What is a Franked Dividend

A franked dividend is an arrangement in Australia that eliminates the double taxation of dividends. The shareholder is able to reduce the tax paid on the dividend by an amount equal to the tax imputation credits. An individual’s marginal tax rate and the tax rate for the company issuing the dividend affect how much tax an individual owes on a dividend.


Franked Dividend

BREAKING DOWN Franked Dividend

Franked dividends enable shareholders to reduce the amount of taxes they will pay. Because dividends are paid out of company profits that have already been taxed, shareholders are responsible for a smaller portion of tax on those dividends. Since investors receive a credit for the amount of tax the business paid on a dividend, if the investor’s tax rate is below the company’s tax rate, the investor receives a refund of the difference from the Australian Tax Office (ATO).

For example, Sarah invests in a company that pays her a fully franked dividend of $800. Her dividend statement indicates a franking credit of $270. If the dividend were unfranked, Sarah would have owed taxes on the entire $1,070 ($800 + $270 = $1,070.) Therefore, when Sarah files her taxes, she declares $1,070 as part of her taxable income. Because her marginal tax rate is 20%, she would have paid $214 if the dividend were unfranked. Because the dividend is franked and the company paid $270 in taxes, Sarah receives the difference of $56.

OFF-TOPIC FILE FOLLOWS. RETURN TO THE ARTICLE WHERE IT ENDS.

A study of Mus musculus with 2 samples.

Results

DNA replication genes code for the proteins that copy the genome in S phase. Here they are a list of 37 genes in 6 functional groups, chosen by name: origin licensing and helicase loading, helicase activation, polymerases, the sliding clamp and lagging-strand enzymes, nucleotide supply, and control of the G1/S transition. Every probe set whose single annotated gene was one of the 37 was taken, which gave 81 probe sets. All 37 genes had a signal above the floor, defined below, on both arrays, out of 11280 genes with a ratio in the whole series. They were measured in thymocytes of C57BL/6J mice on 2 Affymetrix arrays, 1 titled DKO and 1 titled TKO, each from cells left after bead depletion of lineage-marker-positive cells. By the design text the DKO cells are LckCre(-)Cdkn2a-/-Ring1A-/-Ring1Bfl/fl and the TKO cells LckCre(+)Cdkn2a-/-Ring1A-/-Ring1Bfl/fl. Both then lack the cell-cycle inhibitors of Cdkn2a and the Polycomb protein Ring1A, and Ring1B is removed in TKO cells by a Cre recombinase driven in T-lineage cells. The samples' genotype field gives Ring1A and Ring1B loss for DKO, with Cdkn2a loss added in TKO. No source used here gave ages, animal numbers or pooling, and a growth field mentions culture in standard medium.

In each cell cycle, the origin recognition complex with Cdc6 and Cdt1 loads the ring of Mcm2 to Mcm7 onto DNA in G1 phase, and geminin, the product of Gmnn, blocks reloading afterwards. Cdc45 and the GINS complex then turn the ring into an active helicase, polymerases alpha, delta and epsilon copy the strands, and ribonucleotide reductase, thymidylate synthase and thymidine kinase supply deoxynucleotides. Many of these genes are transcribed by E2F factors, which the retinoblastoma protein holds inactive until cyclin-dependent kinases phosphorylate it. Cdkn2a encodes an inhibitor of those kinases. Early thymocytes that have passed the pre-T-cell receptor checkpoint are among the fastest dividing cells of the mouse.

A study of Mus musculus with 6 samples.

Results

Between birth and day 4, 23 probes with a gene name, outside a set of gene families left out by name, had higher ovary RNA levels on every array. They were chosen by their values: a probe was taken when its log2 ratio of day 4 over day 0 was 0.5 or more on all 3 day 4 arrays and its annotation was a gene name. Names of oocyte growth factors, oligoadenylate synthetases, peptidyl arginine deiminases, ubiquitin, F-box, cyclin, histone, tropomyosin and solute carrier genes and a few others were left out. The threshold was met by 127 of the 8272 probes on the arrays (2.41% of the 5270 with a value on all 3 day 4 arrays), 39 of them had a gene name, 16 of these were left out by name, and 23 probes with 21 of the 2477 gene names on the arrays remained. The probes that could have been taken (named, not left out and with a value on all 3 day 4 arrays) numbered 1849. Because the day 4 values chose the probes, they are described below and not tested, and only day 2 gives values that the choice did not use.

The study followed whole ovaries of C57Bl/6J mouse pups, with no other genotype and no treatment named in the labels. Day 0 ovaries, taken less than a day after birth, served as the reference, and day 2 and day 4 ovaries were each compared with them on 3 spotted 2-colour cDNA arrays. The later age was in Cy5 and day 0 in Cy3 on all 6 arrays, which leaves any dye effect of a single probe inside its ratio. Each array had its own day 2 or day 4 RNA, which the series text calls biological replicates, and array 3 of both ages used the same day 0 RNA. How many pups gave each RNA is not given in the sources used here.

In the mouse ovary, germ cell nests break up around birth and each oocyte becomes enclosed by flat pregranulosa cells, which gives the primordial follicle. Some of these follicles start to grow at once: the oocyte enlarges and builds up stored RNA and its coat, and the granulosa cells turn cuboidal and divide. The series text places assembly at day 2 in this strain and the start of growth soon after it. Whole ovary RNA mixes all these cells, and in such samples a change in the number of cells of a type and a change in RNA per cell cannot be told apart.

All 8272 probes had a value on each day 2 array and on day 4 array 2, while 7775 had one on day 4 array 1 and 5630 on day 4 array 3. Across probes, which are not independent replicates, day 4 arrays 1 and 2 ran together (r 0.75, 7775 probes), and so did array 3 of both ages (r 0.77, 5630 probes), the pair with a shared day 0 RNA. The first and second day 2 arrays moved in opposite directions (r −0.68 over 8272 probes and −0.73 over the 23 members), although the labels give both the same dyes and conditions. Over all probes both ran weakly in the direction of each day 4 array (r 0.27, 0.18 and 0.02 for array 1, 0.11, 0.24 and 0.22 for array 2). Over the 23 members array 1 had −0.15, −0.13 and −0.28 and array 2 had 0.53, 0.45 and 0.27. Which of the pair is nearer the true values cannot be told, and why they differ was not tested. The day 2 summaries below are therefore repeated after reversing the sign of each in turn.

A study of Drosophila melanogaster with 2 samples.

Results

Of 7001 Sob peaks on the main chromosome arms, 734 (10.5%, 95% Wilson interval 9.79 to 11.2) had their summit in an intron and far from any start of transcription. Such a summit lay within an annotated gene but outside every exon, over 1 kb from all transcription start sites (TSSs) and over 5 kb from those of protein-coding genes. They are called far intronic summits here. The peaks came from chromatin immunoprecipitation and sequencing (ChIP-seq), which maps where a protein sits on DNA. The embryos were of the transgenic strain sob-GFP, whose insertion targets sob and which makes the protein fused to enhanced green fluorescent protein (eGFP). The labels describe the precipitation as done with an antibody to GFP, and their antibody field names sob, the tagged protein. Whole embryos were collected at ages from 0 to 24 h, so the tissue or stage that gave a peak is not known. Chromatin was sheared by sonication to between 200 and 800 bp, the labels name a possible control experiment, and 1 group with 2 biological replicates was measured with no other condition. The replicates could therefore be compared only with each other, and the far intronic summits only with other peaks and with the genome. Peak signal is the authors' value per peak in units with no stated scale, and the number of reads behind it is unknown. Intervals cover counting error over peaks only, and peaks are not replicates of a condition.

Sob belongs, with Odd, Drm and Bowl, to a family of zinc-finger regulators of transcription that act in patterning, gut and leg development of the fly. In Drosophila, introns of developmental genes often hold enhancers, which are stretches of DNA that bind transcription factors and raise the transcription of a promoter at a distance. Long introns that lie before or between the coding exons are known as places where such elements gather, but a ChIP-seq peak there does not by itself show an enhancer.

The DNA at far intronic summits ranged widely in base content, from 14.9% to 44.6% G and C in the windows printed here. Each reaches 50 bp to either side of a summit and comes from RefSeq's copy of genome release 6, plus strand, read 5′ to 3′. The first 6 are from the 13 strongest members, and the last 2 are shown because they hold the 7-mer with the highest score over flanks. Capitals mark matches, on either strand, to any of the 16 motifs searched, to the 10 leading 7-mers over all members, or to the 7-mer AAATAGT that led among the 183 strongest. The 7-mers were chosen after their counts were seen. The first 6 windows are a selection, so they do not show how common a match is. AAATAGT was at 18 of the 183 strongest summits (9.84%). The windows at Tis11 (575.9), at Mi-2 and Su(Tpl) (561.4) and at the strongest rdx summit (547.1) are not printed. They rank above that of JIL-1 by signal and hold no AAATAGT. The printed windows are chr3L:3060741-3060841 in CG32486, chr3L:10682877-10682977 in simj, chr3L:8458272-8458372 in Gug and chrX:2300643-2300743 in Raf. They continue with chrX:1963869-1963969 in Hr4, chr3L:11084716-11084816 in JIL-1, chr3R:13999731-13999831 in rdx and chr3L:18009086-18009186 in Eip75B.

Fully 'Franked Dividends'

When a stock’s shares are fully franked, the company pays tax on the entire dividend. Investors receive 100% of the tax paid on the dividend as franking credits.

In contrast, shares that are not fully franked may result in tax payments for investors. Because of tax deductions businesses may claim, such as losses from preceding years, the company issuing the dividend might not pay the entire tax rate on its profits in a given year. When this happens, not enough tax is paid by the business for attaching a full tax credit to the dividends paid to shareholders. As a result, a tax credit is attached to some of the dividend, making that portion franked, and leaving the rest of the dividend untaxed, or unfranked. The dividend is then partly franked. The investor is responsible for paying the remaining tax balance.

Example of Franked Dividends

In April 2016, New York-based investment firm VanEck announced its launch of its security called the VanEck Vectors S&P/ASX Franked Dividend ETF. The security was the first exchange-traded fund (ETF) in Australia that included companies in the S&P/ASX 200 that paid out 100% franked dividends in the preceding two years and have sustainable dividend policies. The EFT is designed to track the S&P/ASX Franked Dividend Index that S&P Dow Jones Indices created with VanEck. The security was designed for increased flexibility, transparency and cost-effectiveness.